Mainly thanks to films and cartoons, when thinking about getting crude oil, it is not uncommon for people to conjure images of pressurized oil gushing out of the ground. While this has been known to happen in the past, it is far more rare than depicted.
Whether it is a giant energy company or a sole prospector, oil and gas deposits – much like gold or diamond mines – are not typically discovered by accident, and it is not cost-effective to just start randomly searching anywhere. In order to find and extract the product as efficiently and inexpensively as possible, they utilize today’s word: exploration.
Derived from the Middle French exploration and having its root in the Latin explorationem, which means ‘an examination,’ our word involves the overall searching and testing of a specific area in order to determine whether or not the area contains a resource (such as oil, gas, gold, copper, coal, etc.) in sufficient quality and accessibility for commercial extraction.
Appearing in 1778, in the 2nd edition of the Encyclopedia Britannica, our word was first used during the beginning of the Age of Steam and first referenced coal: “Though plains be so favourable..to the production of coal,..clay, soil, and other lax matter..have..covered the surface of such plains to a considerable depth, which prevents the exploration of the solid strata there.”
One of the first usages of our term in relation to oil or gas occurs in 1888 in the Transactions of the American Institute of Mining Engineers, which writes that: “A new interest was taken in the drilling of exploration wells, more particularly in search of [natural] gas.”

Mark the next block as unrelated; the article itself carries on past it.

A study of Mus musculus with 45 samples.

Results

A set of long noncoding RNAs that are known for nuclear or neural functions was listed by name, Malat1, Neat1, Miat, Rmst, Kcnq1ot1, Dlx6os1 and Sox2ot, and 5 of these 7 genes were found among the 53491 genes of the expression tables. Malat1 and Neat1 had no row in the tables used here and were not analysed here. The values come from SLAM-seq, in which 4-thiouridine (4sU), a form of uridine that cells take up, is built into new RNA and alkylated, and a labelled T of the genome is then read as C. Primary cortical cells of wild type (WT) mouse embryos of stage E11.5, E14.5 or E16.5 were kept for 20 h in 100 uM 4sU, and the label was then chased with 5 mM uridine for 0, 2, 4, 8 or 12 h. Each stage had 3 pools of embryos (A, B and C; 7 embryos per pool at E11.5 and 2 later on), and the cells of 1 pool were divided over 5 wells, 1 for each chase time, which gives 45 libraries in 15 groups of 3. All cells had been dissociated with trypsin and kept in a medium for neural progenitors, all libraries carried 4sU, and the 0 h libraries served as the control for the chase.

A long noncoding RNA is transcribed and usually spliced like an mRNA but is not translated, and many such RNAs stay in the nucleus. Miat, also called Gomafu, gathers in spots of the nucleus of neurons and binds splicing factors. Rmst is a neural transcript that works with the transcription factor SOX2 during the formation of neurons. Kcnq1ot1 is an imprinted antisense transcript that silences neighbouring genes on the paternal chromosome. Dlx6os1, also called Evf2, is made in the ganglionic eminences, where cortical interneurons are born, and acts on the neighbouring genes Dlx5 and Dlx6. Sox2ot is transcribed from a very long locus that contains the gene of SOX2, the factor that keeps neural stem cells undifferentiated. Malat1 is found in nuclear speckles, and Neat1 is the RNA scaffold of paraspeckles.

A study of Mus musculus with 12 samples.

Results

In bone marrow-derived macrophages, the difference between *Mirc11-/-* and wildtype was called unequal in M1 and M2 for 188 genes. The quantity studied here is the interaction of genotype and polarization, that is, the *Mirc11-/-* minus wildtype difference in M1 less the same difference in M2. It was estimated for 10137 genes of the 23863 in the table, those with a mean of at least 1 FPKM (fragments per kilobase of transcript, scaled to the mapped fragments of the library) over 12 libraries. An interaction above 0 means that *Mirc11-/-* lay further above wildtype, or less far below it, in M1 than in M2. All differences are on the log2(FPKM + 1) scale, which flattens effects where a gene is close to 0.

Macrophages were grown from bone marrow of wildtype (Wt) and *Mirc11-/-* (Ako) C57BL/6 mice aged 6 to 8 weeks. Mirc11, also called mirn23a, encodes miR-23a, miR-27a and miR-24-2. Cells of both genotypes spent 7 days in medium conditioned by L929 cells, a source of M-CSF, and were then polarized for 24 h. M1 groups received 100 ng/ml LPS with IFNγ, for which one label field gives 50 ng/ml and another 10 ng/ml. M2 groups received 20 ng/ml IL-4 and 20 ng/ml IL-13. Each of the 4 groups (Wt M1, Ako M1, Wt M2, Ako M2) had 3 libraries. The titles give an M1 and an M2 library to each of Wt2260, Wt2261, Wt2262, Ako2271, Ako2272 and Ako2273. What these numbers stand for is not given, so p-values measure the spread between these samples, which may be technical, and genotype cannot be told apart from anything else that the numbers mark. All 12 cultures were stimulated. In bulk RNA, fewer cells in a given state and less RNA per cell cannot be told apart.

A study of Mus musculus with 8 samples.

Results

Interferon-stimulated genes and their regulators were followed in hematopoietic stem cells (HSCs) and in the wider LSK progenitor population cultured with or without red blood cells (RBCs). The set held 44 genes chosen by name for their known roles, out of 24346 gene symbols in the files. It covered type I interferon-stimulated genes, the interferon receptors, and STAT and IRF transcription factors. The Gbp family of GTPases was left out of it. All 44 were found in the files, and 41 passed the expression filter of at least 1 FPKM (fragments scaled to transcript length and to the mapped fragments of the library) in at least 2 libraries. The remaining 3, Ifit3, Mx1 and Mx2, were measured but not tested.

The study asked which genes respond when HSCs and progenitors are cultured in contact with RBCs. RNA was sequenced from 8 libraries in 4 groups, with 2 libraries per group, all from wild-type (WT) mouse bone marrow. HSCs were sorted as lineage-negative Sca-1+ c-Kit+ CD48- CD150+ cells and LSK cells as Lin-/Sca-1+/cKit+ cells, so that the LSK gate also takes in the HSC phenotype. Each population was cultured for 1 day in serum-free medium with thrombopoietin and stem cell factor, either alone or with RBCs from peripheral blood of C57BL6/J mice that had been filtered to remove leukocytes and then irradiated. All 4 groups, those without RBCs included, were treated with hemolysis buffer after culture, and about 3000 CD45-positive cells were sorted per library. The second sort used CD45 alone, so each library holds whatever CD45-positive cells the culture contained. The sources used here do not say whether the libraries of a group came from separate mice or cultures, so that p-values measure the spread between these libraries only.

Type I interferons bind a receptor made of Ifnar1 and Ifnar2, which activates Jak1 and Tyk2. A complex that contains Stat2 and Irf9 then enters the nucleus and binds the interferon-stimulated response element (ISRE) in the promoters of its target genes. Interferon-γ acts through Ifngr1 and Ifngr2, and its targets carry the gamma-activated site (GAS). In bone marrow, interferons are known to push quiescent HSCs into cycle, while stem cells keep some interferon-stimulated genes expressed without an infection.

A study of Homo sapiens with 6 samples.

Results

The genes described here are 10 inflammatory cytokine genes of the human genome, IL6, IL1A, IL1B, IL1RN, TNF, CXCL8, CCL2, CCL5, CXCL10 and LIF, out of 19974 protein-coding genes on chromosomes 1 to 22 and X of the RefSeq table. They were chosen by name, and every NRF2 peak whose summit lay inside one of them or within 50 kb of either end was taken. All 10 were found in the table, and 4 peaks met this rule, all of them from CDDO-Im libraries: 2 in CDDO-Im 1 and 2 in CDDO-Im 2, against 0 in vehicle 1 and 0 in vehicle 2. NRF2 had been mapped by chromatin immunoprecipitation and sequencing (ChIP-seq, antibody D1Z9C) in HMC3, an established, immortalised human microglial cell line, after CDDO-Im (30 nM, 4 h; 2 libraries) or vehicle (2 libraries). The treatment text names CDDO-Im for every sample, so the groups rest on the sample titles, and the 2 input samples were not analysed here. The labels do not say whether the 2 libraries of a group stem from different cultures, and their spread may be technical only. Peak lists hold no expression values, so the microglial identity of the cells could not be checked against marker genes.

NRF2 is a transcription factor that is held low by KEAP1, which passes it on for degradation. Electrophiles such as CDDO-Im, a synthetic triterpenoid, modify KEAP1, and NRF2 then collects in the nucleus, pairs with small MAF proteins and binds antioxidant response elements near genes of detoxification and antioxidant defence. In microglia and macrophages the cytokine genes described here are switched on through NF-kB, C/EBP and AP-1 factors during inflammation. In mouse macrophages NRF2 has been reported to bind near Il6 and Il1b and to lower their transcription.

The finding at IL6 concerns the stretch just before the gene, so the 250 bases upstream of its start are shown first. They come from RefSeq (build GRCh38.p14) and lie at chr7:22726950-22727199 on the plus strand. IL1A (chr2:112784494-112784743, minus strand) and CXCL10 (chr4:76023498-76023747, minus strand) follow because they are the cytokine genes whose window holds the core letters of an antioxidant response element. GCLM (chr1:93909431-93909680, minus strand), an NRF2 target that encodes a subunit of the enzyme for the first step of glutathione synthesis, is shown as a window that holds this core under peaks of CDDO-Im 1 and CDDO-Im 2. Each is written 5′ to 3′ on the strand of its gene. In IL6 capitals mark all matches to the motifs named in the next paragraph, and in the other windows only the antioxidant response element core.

Aside from beginning exploration, such as examining the geology of a location and its proximity to known, or proven, resources, in-depth surveys- either using more active seismic methods (observing a small, underground explosion) or passive methods, like monitoring natural seismic waves or using gravimeters and magnetometers- are used before the first preliminary well is ever drilled.
Though the price of oil has fallen from well over $100 a barrel as little as 3 years ago, considering market demands, exploration is essential to remaining competitive; however, exploration isn’t cheap. While drilling in shallow wells and wells in proven locations, such as Saudi Arabia, is comparatively low-cost (approximately $5-8 per barrel), market demand has necessitated moving into higher-risk and harder to access locations. For example, oil rigs in deep water (off of the continental shelf) can easily cost more than $100 million before the first barrel of oil reaches the refinery.